Workhorse Group Inc. (NASDAQ: WKHS) is seeking additional patent protection for its truck-mounted HorseFly delivery drone because customers say touchless delivery will carry over beyond the coronavirus pandemic to life after the health crisis.
“In the last several months we have seen significant and growing interest in our vehicle-launched HorseFly delivery drone, making the need to expand the HorseFly patent portfolio even more critical,” Workhorse CEO Duane Hughes said in a statement.
“We are hearing from many businesses that this transition is not a temporary one, and that we need to adapt to a new normal,” he said.
The HorseFly Unmanned Aerial System is a multiuse aircraft that can deliver parcels, carry sensors and cameras, and operate autonomously with a high degree of precision, the company says. It tested the HorseFly with United Parcel Service (NYSE: UPS) in 2017 and StockX, an online seller of clothing and sneakers, in 2018.
Workhorse will offer HorseFly drones on its C-Series electric vans in early-stage production in Union City, Indiana. A spokesman said Workhorse holds several patents for the HorseFly but declined to offer specifics or disclose customers participating in drone testing.
“We feel strongly that all Workhorse electric delivery vehicles, with their integrated drone capabilities, are the most economical and efficient last-mile option currently available,” Hughes said in a statement Wednesday.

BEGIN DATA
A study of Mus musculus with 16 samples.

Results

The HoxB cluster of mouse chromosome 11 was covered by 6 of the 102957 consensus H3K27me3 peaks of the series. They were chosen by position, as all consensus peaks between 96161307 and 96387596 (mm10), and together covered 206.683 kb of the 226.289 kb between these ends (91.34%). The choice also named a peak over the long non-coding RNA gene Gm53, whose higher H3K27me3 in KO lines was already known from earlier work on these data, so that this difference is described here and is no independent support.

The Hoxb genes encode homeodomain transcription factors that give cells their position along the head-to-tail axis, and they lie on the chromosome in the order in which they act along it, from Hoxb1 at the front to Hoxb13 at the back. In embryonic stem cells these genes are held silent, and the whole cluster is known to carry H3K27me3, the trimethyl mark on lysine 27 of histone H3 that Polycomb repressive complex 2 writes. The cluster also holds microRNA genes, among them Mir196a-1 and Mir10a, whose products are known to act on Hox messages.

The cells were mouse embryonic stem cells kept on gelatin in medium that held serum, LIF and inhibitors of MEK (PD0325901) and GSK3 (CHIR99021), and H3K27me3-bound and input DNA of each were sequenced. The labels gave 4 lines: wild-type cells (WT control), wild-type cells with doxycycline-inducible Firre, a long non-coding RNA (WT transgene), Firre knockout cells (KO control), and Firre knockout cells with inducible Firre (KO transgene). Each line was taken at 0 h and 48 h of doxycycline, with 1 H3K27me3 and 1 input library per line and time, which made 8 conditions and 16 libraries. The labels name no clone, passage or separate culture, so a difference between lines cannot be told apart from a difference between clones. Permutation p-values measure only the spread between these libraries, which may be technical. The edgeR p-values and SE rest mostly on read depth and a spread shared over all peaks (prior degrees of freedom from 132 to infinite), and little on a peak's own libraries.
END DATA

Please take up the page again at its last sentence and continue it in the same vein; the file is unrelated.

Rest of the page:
The HorseFly’s real-world commercial demonstrations meet Federal Aviation Administration (FAA) flight standards. The drone is designed to deliver approximately 80% of most commercial package sizes, shapes and weights. It can carry a 5-pound payload up to 10 miles.
The recently filed provisional patent application covers key components and capabilities, including its ground control station, winch deliveries and aircraft structure.
In addition to delivering parcels via airdrops, winch deliveries from various altitudes and ground deliveries, the HorseFly system can carry sensors and cameras and operate autonomously with a high degree of precision, Workhorse said.
A quick-change battery system reduces ground time between missions. HorseFly’s mission-planning software enables operators to coordinate precise delivery routes, avoiding no-fly zones and hazardous weather. A customer interface enables remote pilots to monitor missions and notify pilots when their attention is required.
Paycheck Protection Loan
Separately, Workhorse said Thursday it received a $1.4 million loan under the federal Paycheck Protection Program that is part of the Coronavirus Aid, Relief, and Economic Security (CARES) Act administered by the U.S. Small Business Administration (SBA).
The company will use proceeds primarily for payroll costs. It has no obligation to pay principal or interest for six months. If Workhorse meets certain qualifications under the program, a large portion of the loan could later convert to a grant.
Workhorse applied early and received the SBA loan through PNC Bank without hassle, according to Chief Financial Officer Steve Schrader.
“These funds will go a long way in allowing us to continue to meet our payroll needs and, as an essential business supporting the package delivery industry, keeping all our employees safe and working is critical through this challenging period,” he said.
The SBA said Thursday that $350 million earmarked for the program has been exhausted, and the agency won’t be accepting new aid applications or enrolling new lenders.